Alum’s Powerful Portraits Now at MoMA
There’s an inherent tension in the photographsDeana Lawson MFA 04 PH is currently showing at MoMA. On the one hand, the direct gaze of the people in her large-scale portraits suggests intimacy or confrontation. On the other, through her painstaking compositions, Lawson imbues her subjects with a different kind of electric charge: They radiate enormous personality along with compelling social history.
In New Photography: 2011, a group exhibition on view through January 16, 2012 at the Museum of Modern Art in New York, seven of her pieces are featured along with the work of five other emerging photographers from the UK, China, Canada and the Netherlands as well as the US.
In Lawson’s arresting, almost painterly portraits, viewers are invited into the worlds of subjects she often refers to as “family,” though they are often strangers she has met in a club lounge or at the grocery store: a73-year-old diva, surrounded by framed paintings and nearly nude beneath a salon chandelier; a scantily clad young woman contorted in half in a photo simply calledFlex.
Known for composing almost every element of her shots, Lawson often sketches scenes on paper before she ever picks up a camera. In her desire to show the limitless expressions of the human body, she always keeps the formal language of photography and portraiture very much in mind.
In an interview withTime Out New York, Lawson describes her work as addressing “multiple layers of history” – layers that often conflict and may never be fully reconciled. She notes that she focuses on two major aspects of each subject: “internal history and external history. The first is the personal, familial and psychological experience of the subject and director – myself. The second, all of the things (culture, art, politics, philosophy) that exist outside the body, and which neither the subject nor [I] have any say in, but still affect us. One of the most difficult things to navigate for any person is to reconcile their own state of being with past experiences and historical baggage.”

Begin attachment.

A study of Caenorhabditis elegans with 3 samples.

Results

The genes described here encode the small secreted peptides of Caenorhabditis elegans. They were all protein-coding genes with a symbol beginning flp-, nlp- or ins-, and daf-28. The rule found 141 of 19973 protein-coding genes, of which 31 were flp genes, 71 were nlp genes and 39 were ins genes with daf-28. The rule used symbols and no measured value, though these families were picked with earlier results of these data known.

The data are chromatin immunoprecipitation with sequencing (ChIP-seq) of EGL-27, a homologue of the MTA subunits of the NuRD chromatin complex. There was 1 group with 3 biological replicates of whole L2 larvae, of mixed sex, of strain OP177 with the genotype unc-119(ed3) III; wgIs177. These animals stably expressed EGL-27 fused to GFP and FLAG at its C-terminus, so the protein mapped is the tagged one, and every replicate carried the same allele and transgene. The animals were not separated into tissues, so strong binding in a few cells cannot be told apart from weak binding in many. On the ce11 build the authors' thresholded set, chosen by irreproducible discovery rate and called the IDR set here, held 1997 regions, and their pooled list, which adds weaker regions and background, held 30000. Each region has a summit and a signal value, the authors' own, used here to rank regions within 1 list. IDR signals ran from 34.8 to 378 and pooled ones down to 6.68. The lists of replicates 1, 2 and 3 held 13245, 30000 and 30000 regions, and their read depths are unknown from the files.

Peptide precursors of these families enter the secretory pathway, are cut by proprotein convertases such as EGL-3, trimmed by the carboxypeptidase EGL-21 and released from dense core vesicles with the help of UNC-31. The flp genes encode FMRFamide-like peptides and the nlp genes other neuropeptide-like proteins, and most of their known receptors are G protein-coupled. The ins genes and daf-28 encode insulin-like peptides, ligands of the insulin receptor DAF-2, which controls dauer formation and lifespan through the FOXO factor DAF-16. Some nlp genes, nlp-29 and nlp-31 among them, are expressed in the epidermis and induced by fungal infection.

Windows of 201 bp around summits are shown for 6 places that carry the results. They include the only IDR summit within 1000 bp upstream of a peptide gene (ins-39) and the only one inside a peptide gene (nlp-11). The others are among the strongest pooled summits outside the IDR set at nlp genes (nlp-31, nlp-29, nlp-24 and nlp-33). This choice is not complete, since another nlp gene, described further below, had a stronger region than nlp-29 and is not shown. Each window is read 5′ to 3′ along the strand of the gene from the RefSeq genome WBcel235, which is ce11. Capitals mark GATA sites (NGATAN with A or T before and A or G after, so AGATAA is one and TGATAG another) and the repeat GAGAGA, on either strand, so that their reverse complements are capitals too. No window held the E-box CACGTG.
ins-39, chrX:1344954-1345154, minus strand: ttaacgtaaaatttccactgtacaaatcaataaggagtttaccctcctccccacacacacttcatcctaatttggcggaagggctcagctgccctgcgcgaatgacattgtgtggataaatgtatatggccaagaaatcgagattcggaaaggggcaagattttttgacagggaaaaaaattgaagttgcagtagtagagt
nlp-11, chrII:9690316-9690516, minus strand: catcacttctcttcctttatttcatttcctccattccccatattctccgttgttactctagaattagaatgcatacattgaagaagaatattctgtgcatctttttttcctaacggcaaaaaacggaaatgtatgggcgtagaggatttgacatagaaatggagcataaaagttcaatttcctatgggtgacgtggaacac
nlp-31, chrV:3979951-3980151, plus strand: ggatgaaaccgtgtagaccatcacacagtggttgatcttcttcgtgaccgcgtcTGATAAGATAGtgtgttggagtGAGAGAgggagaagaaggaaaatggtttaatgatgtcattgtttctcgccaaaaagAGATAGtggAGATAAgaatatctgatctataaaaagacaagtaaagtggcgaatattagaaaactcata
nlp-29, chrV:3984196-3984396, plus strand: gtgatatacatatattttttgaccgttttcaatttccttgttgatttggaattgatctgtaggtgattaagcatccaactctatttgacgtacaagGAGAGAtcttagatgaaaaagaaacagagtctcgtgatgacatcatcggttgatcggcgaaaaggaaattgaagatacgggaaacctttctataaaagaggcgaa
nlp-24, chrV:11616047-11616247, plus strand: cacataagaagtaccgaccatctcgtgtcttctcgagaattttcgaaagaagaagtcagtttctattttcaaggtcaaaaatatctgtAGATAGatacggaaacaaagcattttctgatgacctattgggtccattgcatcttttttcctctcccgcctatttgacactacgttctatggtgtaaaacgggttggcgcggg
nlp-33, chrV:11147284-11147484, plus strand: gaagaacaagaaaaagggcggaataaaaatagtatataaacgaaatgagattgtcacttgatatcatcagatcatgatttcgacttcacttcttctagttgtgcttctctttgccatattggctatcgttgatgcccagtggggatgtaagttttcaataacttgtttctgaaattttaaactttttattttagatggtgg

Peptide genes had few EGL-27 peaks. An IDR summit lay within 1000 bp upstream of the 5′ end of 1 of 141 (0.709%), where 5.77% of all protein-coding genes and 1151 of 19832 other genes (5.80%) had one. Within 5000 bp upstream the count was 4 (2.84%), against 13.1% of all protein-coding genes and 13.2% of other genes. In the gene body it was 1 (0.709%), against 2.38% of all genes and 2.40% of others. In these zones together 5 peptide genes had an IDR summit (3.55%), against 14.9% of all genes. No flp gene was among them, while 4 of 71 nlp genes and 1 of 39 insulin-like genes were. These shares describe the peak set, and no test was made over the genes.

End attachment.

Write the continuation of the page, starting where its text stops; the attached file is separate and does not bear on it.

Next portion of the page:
Now based in Brooklyn, Lawson has shown her work at the Studio Museum in Harlem and P.S. 122, among other venues, and in such publications as in Time Out NY, Artnet, Contact Sheet and Photography Quarterly. She has been recognized with an Aaron Siskind Fellowship, a grant from the Connecticut Commission on Culture and Tourism, and a grant from the New York Foundation for the Arts. She has also held artist’s residencies at Light Work, Visual Studies Workshop and the Photography Institute at Columbia University.